14 March 2019

Africa: South Africa's Makhulu Media Shoots Pioneering VR Film to Get Health Clinic Workers and Young People Wanting an HIV Test to 'Step Into Each Other's Shoes'

London — Virtual Reality (VR) is still a bit of a technology in search of a role. But South Africa film production company Makhulu Media have used it to craft a very specific solution to a problem. Russell Southwood talks to Rowan Pybus, Makhulu Media about how it approached both filming and distribution.

360HIV is a campaign that uses VR to address the problems people have when they go to a clinic. Prior to filming, Makhulu Media organized workshops to listen to what young people said about their experiences. According to Rowan Pybus:"We sat in many countries listening to young people talk about HIV. One issue kept coming back. They were not getting the information they needed because they were being stigmatized by health care workers. It's not a case of people making it to the clinic and the battle's over."

"We wanted to see if immersive virtual reality films could encourage people to take an HIV test and improve relationships between nurses and young people by helping them to step into each other's shoes," said Pybus.

The VR film designed to address these problems was released by UNAIDS in November last year with support from Google, the Desmond Tutu HIV Foundation and the Children's Radio Foundation.

Filmed entirely in the township of Nyanga, near Cape Town, the film uses a young women called Lele (who is living with AIDS) to go through the process of going to the clinic for testing and treatment:"You can feel the sense of nervousness. She had her first blood test in adolescence and it was quite emotional for her (to shoot the film). It's quite visceral to watch."

The idea is to get across that you can live a long life if you get treatment. The film goes through a number of scenarios, including when another nurse is present and the person coming to the clinic needs privacy:"Often the nursing staff are judging them brutally, saying things like 'I know your mother. Why are you having sex at 15?'"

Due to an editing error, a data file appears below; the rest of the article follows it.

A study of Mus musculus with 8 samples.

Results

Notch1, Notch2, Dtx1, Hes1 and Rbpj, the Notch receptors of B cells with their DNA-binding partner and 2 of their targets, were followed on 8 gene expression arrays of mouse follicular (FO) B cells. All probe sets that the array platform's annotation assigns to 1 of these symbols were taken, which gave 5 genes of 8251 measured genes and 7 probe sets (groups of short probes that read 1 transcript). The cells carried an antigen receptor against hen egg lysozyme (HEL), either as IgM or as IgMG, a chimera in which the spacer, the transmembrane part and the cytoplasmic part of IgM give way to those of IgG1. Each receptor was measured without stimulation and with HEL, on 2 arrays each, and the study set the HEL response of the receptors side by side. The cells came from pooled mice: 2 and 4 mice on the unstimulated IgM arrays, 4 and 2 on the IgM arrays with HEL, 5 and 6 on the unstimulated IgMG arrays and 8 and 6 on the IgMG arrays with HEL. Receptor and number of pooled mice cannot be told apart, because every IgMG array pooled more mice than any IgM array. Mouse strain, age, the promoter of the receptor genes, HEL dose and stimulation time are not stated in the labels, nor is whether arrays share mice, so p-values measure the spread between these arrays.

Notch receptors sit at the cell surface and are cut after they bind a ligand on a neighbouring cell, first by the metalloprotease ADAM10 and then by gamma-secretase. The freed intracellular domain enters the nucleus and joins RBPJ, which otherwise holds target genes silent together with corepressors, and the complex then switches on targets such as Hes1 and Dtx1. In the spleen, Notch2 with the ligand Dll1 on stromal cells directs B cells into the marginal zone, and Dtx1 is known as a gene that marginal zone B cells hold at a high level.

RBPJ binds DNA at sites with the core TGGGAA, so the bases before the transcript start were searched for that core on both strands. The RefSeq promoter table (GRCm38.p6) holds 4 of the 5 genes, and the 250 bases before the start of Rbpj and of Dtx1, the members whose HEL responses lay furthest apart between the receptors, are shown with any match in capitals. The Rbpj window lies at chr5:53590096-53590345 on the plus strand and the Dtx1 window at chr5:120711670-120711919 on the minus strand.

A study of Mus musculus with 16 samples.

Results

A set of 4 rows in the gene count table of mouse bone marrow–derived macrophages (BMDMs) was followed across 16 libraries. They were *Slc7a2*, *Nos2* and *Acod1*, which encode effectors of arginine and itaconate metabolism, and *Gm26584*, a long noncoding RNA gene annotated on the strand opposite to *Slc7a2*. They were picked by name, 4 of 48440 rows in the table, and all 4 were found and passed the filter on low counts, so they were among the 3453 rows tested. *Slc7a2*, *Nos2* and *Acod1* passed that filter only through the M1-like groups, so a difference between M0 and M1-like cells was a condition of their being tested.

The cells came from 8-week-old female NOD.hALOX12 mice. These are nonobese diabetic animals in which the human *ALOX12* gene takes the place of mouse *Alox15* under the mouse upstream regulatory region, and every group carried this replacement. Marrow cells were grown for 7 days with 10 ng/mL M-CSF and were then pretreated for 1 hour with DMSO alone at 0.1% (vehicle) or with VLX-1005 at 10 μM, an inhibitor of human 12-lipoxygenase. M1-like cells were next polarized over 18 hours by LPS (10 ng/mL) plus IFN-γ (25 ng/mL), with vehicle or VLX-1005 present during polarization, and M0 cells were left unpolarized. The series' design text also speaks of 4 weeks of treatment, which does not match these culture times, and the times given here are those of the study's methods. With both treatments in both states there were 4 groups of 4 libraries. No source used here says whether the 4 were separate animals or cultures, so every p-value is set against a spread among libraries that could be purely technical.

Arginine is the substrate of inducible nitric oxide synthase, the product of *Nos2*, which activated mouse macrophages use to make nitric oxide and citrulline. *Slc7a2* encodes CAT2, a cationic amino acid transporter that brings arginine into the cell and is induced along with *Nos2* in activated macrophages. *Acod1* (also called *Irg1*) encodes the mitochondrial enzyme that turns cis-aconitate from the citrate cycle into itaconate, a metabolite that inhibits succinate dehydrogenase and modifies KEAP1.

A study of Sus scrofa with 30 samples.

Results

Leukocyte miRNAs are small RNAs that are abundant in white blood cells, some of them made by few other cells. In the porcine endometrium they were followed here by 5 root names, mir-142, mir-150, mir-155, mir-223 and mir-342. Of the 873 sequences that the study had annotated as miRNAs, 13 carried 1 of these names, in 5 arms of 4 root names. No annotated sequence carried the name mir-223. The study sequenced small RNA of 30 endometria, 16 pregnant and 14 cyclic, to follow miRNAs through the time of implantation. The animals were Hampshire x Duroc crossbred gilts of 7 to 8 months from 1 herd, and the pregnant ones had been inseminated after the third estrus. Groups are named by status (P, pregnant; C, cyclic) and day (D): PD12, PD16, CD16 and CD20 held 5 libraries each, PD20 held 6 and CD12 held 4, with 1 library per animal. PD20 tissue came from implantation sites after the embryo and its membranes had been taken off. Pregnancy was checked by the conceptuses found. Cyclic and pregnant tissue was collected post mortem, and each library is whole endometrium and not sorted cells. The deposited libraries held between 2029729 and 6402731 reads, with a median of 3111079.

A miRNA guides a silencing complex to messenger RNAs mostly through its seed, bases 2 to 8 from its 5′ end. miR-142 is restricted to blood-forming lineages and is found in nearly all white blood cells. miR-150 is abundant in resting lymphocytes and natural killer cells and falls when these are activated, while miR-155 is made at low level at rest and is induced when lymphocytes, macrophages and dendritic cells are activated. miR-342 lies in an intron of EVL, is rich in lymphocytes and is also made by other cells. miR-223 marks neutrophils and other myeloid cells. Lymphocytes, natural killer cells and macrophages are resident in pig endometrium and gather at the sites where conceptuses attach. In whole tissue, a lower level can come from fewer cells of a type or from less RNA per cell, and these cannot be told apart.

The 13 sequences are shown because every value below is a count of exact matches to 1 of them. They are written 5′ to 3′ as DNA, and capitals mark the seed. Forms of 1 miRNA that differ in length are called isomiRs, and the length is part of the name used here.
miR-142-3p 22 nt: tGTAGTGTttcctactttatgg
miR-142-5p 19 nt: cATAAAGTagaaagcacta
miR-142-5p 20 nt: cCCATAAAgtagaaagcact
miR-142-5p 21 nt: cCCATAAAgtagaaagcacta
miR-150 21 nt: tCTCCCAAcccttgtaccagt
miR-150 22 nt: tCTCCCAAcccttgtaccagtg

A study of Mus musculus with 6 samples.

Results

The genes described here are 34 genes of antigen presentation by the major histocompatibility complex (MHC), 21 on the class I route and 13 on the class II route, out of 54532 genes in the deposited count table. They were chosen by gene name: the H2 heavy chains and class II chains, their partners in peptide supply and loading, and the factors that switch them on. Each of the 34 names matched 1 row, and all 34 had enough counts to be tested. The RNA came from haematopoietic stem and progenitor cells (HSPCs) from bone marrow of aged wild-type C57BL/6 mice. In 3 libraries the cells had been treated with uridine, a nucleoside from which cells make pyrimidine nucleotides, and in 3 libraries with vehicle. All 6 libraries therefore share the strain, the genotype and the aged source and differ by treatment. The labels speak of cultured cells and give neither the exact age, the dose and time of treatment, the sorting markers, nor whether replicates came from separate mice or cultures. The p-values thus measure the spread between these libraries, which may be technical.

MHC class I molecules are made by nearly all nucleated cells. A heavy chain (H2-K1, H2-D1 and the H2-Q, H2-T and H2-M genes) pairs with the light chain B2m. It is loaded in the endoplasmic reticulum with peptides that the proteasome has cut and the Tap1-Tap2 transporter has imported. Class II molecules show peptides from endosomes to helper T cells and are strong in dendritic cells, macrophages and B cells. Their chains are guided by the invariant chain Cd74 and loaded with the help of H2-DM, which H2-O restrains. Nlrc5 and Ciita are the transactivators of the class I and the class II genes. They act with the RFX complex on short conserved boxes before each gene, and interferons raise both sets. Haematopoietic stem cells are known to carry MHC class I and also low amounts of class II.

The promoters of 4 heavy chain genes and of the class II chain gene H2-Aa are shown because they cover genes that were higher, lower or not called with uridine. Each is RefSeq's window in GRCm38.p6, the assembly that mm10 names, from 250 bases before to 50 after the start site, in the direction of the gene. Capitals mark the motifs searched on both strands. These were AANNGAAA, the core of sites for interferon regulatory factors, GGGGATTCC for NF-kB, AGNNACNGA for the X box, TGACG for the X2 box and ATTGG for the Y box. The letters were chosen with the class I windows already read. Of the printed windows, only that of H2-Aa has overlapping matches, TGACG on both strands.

"HIV is preventable and treatable but too few young people know their status," said UNAIDS Executive Director Michel Sidibé. "We hope that this highly engaging tool will help to dispel fears and show the simple steps that people can take to find out their HIV status."

The idea is to put the films made into a variety of locations including clinics, youth centres and nurses' training colleges. Data will be gathered and used as part of a long-term study that is the next stage of the project. The Gates Foundation and South Africa's Department of Health are looking at funding this longer-term study.

The immediate objection to this kind of approach is how do you reach out to lots of people using a relatively costly VR headset. Google has provided the VR headsets and the makers hope the experience overcomes some of the inherent challenges.

"VR is both a problem and a solution. We wanted to give people a private, anonymous moment. We have an activation strategy that takes multiple headsets and puts the kit into action. We don't know if it will work but the early data indicates that it will make a difference." Reactions have been positive with people saying things like:"Wow, it's like I was there."

Much depends on the success of the activation strategy, as the cost of getting to people comes down significantly the more people watch. With say 10 nurses a day viewing it, Makhulu Films has calculated that it costs US$5.60 per nurse but with 30 a day viewing it comes down to US$1.87. Obviously the novelty of VR gives it a fair wind in the short to medium term.

Making the film was challenging, both in terms of the presenting the storylines and of the equipment:"We wanted to simulate the feeling of the visceral challenges." The equipment to shoot the film did not exist in South Africa so they had to build it, including recording equipment to get ambisonic sound that 360 x 360 degrees:"You can use sound to make the viewer turn and pay attention. It can make you feel endangered. In VR, you have to make choices about where the person will move and look."